Four independently submitted journal articles (preface by an outstanding early-career scholar) explore the importance of contextualizing morality in order to better understand moral behaviors and change.
Preface: The Importance of Context in Moral Judgments
In a preface to the inaugural edition of “New Perspectives on Psychological Science,” Schein emphasizes the importance of contextualizing morality in order to provide a better account of reality and improve predictions of moral behavior and understanding of moral change.
The Moral Psychology of Raceless, Genderless Strangers
Neil Hester and Kurt Gray
Research in moral psychology generally uses unspecified characters, which may challenge the generalization of findings to real-world judgments that do not involve raceless, genderless strangers. Hester and Gray argue for the importance of incorporating identity into moral psychology because the identities of targets and perceivers alike influence social judgments. They suggest an integration of moral psychology and social cognition to address the role of identity in everyday moral judgments.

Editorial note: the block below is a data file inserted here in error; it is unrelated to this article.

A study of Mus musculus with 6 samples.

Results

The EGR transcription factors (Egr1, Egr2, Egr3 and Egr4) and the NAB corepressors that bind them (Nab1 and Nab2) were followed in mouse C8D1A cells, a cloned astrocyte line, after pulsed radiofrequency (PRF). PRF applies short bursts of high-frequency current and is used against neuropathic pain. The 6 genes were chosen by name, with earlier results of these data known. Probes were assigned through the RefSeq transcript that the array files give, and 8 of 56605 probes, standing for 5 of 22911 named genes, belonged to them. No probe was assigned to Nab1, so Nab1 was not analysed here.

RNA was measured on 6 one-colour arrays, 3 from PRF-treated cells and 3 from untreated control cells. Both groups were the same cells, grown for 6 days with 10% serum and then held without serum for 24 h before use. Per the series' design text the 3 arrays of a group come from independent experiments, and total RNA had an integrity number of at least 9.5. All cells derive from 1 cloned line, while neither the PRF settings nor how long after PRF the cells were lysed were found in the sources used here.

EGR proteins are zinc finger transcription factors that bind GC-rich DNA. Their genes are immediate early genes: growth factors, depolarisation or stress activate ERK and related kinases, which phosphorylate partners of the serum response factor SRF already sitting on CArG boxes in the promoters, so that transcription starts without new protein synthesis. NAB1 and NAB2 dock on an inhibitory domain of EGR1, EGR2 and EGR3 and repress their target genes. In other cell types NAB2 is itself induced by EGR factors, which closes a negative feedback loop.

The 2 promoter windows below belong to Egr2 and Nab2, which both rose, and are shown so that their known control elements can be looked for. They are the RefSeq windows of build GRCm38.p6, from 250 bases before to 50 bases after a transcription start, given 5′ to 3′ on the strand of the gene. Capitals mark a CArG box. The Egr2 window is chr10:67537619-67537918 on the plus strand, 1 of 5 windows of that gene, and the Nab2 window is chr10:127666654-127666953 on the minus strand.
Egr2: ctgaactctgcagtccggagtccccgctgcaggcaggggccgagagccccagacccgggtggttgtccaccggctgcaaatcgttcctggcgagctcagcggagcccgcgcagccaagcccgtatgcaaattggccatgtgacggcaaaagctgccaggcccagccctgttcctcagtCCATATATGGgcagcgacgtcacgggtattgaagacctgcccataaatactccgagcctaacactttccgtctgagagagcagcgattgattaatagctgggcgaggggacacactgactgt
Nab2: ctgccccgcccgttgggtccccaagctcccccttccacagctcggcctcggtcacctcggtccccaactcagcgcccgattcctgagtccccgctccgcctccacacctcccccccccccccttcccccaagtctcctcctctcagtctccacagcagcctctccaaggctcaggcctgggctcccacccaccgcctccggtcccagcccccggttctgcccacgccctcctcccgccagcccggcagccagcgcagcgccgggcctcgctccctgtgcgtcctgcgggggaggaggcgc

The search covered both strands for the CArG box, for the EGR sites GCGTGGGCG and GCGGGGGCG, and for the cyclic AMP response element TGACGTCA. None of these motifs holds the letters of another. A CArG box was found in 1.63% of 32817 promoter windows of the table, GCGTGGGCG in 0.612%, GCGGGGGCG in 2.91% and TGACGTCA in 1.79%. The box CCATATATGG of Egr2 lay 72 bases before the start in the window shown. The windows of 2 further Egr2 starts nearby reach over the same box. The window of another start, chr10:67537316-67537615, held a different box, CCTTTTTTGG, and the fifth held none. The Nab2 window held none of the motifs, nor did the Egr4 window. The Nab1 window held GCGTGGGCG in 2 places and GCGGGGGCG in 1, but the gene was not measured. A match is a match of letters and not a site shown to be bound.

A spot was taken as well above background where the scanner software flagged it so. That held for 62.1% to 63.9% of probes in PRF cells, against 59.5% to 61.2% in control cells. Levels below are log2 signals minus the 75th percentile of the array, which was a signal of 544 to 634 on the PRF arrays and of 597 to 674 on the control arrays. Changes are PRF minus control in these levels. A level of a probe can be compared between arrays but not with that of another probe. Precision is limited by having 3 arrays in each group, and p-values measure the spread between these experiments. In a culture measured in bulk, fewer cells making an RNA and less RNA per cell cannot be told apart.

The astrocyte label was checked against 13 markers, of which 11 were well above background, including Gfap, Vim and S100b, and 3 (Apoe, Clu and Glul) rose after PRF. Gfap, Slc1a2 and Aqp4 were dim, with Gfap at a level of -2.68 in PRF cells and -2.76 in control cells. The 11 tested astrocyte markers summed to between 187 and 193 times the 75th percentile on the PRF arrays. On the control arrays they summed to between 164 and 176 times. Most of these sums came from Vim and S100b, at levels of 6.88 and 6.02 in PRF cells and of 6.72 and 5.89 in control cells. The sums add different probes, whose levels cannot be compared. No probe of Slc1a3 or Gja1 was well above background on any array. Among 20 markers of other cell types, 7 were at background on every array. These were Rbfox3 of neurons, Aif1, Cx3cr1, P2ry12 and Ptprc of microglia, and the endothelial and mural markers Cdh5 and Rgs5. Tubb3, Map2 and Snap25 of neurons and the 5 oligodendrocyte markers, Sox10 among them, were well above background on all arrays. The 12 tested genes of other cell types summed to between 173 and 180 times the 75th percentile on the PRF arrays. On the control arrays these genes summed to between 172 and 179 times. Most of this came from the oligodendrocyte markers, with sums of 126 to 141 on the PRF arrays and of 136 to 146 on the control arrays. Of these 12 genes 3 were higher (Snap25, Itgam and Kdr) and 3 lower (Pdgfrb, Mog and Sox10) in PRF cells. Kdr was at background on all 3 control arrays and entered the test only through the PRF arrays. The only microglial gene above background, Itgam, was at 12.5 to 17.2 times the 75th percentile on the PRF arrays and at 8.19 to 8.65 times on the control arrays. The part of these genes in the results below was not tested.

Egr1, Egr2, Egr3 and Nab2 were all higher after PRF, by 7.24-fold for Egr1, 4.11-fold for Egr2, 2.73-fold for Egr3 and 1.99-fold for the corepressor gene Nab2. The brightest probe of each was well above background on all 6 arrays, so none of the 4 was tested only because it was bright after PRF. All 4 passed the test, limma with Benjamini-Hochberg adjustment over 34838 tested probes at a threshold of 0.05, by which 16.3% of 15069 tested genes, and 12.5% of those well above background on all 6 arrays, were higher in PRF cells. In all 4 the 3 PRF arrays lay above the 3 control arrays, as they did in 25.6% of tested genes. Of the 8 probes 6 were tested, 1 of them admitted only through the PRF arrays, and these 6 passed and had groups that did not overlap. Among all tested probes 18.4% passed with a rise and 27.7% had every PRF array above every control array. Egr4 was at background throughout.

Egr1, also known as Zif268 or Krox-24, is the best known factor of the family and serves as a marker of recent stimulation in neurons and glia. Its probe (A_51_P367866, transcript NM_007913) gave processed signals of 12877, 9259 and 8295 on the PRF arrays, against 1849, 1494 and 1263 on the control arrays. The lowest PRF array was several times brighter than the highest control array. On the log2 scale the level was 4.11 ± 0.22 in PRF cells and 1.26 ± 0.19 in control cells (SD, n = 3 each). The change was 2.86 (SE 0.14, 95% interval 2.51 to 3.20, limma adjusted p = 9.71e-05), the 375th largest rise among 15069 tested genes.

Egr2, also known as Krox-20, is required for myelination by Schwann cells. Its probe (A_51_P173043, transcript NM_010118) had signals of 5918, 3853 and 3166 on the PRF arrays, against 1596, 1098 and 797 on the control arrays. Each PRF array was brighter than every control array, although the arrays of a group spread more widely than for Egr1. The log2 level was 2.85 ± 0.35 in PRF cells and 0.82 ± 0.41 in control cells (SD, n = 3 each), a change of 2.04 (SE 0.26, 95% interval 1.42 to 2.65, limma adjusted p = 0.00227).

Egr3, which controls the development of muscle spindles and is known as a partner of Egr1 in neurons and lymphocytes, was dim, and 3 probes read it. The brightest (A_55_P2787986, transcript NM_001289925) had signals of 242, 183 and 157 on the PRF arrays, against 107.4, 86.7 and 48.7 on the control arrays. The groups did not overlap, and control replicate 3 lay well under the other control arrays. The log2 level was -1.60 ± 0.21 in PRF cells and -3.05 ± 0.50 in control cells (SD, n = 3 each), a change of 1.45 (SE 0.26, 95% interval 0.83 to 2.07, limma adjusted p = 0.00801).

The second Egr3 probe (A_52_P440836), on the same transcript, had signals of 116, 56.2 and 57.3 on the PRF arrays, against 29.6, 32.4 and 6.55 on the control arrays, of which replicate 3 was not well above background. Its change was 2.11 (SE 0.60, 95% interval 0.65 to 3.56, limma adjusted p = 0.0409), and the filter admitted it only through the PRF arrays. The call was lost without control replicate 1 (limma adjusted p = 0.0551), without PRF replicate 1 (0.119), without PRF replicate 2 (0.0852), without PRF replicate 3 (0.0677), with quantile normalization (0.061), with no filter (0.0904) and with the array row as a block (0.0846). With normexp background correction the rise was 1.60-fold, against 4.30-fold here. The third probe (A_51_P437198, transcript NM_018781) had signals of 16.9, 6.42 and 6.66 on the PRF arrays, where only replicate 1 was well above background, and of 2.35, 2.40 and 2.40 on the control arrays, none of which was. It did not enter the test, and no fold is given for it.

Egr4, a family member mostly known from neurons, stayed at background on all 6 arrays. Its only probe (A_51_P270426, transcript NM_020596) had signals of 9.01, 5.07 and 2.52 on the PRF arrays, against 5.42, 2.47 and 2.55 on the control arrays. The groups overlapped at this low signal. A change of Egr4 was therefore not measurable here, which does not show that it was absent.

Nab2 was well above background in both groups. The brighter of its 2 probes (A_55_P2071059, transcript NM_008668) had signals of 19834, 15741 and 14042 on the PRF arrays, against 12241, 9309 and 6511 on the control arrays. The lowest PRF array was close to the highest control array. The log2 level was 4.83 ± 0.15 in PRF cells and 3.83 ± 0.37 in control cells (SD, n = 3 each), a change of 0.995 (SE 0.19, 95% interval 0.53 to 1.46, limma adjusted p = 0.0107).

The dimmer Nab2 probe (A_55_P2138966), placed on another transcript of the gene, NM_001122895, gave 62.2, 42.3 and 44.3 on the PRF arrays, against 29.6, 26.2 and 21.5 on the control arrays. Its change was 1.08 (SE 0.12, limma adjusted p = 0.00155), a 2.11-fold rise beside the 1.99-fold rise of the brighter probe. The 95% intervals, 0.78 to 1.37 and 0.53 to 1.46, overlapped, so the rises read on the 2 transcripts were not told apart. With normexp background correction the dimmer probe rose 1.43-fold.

The Morality of War: A Review and Research Agenda
The question of what is morally right or wrong in war has great implications for public policy and international law. Suggesting a new way to study the morality of war, Watkins combines the philosophical just-war theory (which identifies the moral principles that govern the conduct of war as discrimination between civilians and combatants, the proportionality of strength used given the target, and the prohibition of means that are bad in themselves, such as biological weapons) with experimental paradigms and theories developed to study morality in general.
Is Opposition to Genetically Modified Food “Morally Absolutist”? A Consequence-Based Perspective
Edward B. Royzman, Corey Cusimano, Stephen Metas, and Robert F. Leeman
Many people oppose genetically modified foods (GMFs). According to the moral-absolutism perspective, people think GMFs should be banned regardless of their value or risk. Royzman and colleagues present five studies showing that those who believe GMFs should be banned regardless of their value or risk do not understand and/or cannot answer the question “Should GMFs be prohibited no matter how great the benefits and minor the risks of allowing them?” Clarifying the question cuts absolutism to near zero and thus provides a context in which GMF opponents understand the potential value of GMFs.
Do all moral values reduce to one principle (monism), or are there multiple irreducibly distinct moral values (pluralism)? Beal argues that, beyond this question, the moral domain cannot be represented, understood, or explained in terms of moral values. Instead, he suggests that we should use more basic elements—ontological frames—to explain moral phenomena. He explains that one’s evaluative framing of the facts determines moral judgments and that this framing is largely independent of one’s values. Beal details the nature and emergence of ontological frames and how they may explain morality.